Sailing to Grenada
Prickly Bay, Grenada
I can't believe it, I'm finally in Grenada—overdue, but happy (and a little seasick).
I set my alarm to wake me at 4:15 this morning, and started securing as much gear around the cabin as I could. Everyone was up and within a half hour and we pulled anchor in the pre-twilight sky around 5:30. About three hours after we set sail, I was wishing I didn't have that hot chocolate for breakfast. Yeah, I ended up tossing my cookies and feeling queasy for at least 70% of the trip. It's looking like I'm not much of a sailor—and I'm happy I didn't find that out during a three week trip to Brazil with Stephan.
I couldn't blame the sea conditions on my tummy troubles, it was perfect sailing weather. Even with only 2/3 of the main sail open and one of the head sails, we were still moving at a brisk 7–10 knots (over land, thanks to a 2 knot northerly current in our favor). The Odessa was leaning at 25–30 degrees as we tore past two sailboats along our way. By the time we were half way to Grenada, the water was such an amazing color of blue that I can only describe it as what a huge pool of blue 2000 Flushes toilet water would look like.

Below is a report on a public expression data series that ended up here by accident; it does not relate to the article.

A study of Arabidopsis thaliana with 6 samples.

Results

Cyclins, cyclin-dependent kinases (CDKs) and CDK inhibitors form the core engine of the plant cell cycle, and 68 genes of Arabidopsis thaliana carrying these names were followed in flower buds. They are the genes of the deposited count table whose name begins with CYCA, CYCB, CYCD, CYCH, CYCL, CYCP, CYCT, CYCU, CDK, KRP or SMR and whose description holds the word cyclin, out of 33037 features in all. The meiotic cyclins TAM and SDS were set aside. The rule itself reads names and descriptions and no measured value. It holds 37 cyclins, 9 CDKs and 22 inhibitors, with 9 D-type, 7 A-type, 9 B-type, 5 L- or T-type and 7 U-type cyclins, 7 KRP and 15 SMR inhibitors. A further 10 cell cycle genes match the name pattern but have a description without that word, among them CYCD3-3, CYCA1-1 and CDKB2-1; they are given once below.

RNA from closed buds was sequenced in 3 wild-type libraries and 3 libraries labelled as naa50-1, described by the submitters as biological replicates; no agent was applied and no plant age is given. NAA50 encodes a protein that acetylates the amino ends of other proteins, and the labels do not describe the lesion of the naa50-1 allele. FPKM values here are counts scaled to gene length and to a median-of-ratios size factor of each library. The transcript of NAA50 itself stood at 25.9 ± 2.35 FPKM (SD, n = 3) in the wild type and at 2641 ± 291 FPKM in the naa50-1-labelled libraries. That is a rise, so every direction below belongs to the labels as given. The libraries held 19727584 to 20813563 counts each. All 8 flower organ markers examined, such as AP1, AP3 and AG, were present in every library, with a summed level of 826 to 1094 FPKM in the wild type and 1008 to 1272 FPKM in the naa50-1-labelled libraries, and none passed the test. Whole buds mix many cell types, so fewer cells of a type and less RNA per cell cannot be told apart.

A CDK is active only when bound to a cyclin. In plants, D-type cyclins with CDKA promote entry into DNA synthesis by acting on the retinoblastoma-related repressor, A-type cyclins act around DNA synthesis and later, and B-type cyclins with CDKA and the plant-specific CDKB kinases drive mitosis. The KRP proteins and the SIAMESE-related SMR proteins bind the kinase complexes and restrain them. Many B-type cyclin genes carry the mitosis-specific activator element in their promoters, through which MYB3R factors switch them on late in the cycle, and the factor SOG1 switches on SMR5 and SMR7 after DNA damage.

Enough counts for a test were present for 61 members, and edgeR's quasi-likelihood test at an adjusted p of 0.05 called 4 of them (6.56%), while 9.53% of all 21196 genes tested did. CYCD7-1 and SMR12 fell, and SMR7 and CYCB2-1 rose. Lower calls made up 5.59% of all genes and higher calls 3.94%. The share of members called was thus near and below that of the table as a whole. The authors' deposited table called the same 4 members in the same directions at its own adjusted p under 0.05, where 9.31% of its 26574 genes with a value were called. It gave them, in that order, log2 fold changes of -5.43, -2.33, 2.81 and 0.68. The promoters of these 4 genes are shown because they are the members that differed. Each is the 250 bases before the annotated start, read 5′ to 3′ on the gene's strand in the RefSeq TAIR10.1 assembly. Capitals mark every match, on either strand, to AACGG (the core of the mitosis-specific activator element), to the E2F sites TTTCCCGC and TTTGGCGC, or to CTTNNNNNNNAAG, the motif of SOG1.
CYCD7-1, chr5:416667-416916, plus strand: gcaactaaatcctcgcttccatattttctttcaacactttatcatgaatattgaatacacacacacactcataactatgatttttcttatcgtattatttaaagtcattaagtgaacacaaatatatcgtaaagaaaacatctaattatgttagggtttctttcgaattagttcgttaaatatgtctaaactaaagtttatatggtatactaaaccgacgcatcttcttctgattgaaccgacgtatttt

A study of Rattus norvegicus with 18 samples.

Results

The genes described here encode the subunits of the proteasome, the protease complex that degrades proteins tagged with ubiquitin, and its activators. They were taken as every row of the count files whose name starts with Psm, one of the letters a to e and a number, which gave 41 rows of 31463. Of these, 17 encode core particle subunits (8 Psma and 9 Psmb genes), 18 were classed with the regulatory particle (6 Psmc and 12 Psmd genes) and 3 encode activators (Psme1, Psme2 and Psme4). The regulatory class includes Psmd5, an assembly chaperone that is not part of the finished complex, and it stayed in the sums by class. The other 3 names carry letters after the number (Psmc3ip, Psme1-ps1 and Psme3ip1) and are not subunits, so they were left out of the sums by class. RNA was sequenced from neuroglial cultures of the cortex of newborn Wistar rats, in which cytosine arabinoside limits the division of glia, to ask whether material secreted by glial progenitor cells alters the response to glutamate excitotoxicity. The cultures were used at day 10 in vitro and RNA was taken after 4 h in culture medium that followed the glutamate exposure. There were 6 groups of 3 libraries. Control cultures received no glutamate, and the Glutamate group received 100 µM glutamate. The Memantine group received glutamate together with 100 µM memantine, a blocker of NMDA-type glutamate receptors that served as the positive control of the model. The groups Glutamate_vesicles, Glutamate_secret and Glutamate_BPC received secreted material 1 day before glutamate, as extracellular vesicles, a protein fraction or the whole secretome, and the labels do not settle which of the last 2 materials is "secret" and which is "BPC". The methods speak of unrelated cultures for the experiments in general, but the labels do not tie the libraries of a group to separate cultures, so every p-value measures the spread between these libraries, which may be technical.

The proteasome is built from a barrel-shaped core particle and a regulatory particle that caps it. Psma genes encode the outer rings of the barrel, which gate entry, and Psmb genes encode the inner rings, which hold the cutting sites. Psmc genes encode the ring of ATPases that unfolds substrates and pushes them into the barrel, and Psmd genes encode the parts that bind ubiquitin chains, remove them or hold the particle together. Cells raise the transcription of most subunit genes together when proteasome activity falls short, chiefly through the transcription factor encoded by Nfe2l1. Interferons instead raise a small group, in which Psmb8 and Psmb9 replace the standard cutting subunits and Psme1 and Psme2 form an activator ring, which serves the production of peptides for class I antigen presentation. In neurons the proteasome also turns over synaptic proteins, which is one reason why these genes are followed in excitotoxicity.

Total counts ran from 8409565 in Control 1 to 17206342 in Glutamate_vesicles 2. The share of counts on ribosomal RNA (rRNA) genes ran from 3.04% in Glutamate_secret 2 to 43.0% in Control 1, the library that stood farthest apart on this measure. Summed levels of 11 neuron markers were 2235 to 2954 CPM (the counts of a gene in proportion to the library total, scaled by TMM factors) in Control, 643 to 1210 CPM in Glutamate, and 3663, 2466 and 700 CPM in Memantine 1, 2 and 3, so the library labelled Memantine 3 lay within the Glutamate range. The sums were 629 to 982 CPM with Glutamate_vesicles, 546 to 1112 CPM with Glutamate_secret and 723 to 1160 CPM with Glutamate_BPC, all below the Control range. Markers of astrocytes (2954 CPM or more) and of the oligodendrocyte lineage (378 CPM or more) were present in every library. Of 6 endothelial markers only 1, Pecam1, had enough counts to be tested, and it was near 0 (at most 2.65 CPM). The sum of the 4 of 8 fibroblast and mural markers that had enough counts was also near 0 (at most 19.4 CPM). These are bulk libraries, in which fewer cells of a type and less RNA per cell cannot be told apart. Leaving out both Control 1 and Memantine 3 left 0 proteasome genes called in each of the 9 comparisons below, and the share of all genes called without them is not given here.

We finally arrived in Prickly Bay, Grenada, around sunset (12 hours later). Later in the evening I took the dingy into land to find an ATM so I could pay the immigration fee the next morning. When I finally got back onto solid land, my equilibrium was totally off. It felt like I had just gotten off an amusement park ride that took for for a spin for much too long—so bizarre!
It feels good to be in a new country again.
Sadly, the saga with Jakob, the German Soup Nazi, continues on. The 18 year old has pleasant moments of normalcy, but I find him to be generally selfish, uncompromising, and difficult to consistently communicate with (unresponsive to questions, ignores you, spaces out, etc). Captain Bill doesn't want people making their own meals independently (instead cooking for/feeding the entire crew at every opportunity), and it's ridiculous that so much of the stress of living aboard the Odessa comes from dirty dishes and food consumption/meal preparation. I'm torn between a lack of freedom from living on the Odessa with the unpleasant expenses of living on land in the Caribbean. Optimally, living off the boat while at anchor would be the most comfortable solution.